Picnic at Hanging Rock

A reimagining of the iconic and timeless Australian novel

Larysa Kondracki (Director and Creative Consultant)

They’ve invented this world of beautiful, imagery-based storytelling, which was something I hadn’t seen before.Larysa Kondracki
Date: 03.07.2018     Last updated: 03.07.2018 at 00.00
Category: BBC Two; Drama

What stood out to you about this project?

It’s interesting. I wouldn’t say anything stood out, because I knew the story and I was quite familiar with the film but reading what Bea and Alice did to these scripts was particularly interesting, as they got into the girls and Hester as characters. They’ve invented this world of beautiful, imagery-based storytelling, which was something I hadn’t seen before. As a director you get very excited about something like that.

So much of the story is told visually and that’s really exciting. It’s a challenge in a way - both visually and on a performance level - because the scripts are so nuanced. That doesn’t mean there’s no story there; it actually means there’s a tremendous amount of story there. So to do that, I think that’s something I hadn’t seen in a while. All credit goes to the scripts there. And for us - I don’t think anyone wanted a stuffy, period piece. On the page the story is so alive and there’s so much emotional subjectivity - it’s experiential. When you’re given the opportunity to capture this visually, you can look at the lenses and ways to do this. Immediately, what I wanted to do was to try to give the story the scope that it had - so we brought in anamorphic lenses that has given it almost a bend. You always plan for something but you end up with something new. We say sometimes it feels like Fantasia on acid.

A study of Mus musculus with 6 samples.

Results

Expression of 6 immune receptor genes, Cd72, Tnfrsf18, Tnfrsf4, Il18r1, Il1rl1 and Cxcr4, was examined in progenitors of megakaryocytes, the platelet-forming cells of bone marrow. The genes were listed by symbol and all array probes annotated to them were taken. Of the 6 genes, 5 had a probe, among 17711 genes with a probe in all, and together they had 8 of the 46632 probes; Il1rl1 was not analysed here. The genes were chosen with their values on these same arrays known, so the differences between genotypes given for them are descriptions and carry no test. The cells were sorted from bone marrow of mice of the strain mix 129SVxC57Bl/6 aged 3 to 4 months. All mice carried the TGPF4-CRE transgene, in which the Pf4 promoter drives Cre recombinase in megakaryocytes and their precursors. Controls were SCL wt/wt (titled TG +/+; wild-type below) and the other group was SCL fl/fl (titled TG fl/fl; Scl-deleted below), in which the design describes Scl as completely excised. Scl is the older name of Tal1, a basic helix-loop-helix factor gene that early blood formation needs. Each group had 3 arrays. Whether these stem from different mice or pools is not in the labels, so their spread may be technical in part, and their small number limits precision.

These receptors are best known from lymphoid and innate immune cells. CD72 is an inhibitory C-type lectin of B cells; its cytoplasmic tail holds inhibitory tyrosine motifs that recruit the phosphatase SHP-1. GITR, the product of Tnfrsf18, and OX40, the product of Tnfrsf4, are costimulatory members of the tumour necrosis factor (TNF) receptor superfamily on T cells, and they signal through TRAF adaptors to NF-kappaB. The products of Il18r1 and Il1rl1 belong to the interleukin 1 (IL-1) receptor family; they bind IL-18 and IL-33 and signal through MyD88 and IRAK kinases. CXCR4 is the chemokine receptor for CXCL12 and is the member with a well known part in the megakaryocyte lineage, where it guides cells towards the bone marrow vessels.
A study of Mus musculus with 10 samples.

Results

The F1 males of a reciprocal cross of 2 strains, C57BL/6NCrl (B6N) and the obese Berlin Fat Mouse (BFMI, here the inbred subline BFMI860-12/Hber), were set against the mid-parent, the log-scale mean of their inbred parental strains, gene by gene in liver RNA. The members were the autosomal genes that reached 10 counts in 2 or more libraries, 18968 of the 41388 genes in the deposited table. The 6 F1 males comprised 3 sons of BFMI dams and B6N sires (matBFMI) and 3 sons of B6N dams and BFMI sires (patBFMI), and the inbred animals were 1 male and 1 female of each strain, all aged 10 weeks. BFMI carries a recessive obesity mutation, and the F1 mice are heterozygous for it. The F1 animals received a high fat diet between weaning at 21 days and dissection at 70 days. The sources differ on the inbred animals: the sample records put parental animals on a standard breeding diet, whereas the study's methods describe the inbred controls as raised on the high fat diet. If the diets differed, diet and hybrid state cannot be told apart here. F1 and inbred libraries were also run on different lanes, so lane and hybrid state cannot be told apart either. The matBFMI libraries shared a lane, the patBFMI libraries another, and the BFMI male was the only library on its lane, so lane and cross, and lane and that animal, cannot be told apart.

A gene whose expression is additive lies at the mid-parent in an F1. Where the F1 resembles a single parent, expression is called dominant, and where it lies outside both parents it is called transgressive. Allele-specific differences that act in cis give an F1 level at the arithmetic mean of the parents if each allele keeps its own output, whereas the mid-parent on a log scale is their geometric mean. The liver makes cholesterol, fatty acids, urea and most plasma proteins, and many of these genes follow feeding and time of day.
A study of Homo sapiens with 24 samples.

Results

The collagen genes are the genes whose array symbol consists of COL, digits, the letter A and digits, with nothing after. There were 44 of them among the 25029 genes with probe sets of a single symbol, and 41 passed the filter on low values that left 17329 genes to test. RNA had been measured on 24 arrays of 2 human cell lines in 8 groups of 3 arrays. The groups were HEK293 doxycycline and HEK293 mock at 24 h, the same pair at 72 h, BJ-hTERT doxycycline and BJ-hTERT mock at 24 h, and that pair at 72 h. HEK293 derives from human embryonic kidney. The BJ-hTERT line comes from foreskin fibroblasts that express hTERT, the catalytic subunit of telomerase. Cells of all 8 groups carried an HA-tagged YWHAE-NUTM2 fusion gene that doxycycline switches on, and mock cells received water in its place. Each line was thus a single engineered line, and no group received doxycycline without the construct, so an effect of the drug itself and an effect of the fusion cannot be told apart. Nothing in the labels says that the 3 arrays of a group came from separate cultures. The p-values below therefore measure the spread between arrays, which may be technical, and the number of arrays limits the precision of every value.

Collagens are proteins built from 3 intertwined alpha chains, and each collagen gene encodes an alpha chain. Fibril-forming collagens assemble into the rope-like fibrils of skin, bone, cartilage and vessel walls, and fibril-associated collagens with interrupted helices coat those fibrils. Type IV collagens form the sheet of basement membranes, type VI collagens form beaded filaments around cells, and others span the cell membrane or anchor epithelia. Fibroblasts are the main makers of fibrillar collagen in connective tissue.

How would you describe Picnic at Hanging Rock?

It depends on the day. Sometimes I would it call it a mood poem. On other days we would call it “enchanted chiller”. It also depends on the episode, as every episode is a bit different. It really isn’t a television show in that way, it is a six-hour movie. I think that was a challenge too - how do you make things feel so different and yet cohesive at the same time? It’s really not the film, it goes back to the book. So you don’t feel like you’re trespassing or copying. There’s a few moments where we absolutely want to pay tribute to the film and there’s a bit of an homage - but for anyone who is afraid that it’s a rip off or a modern update, it really isn’t. It is true to the book, but it has taken on its own form.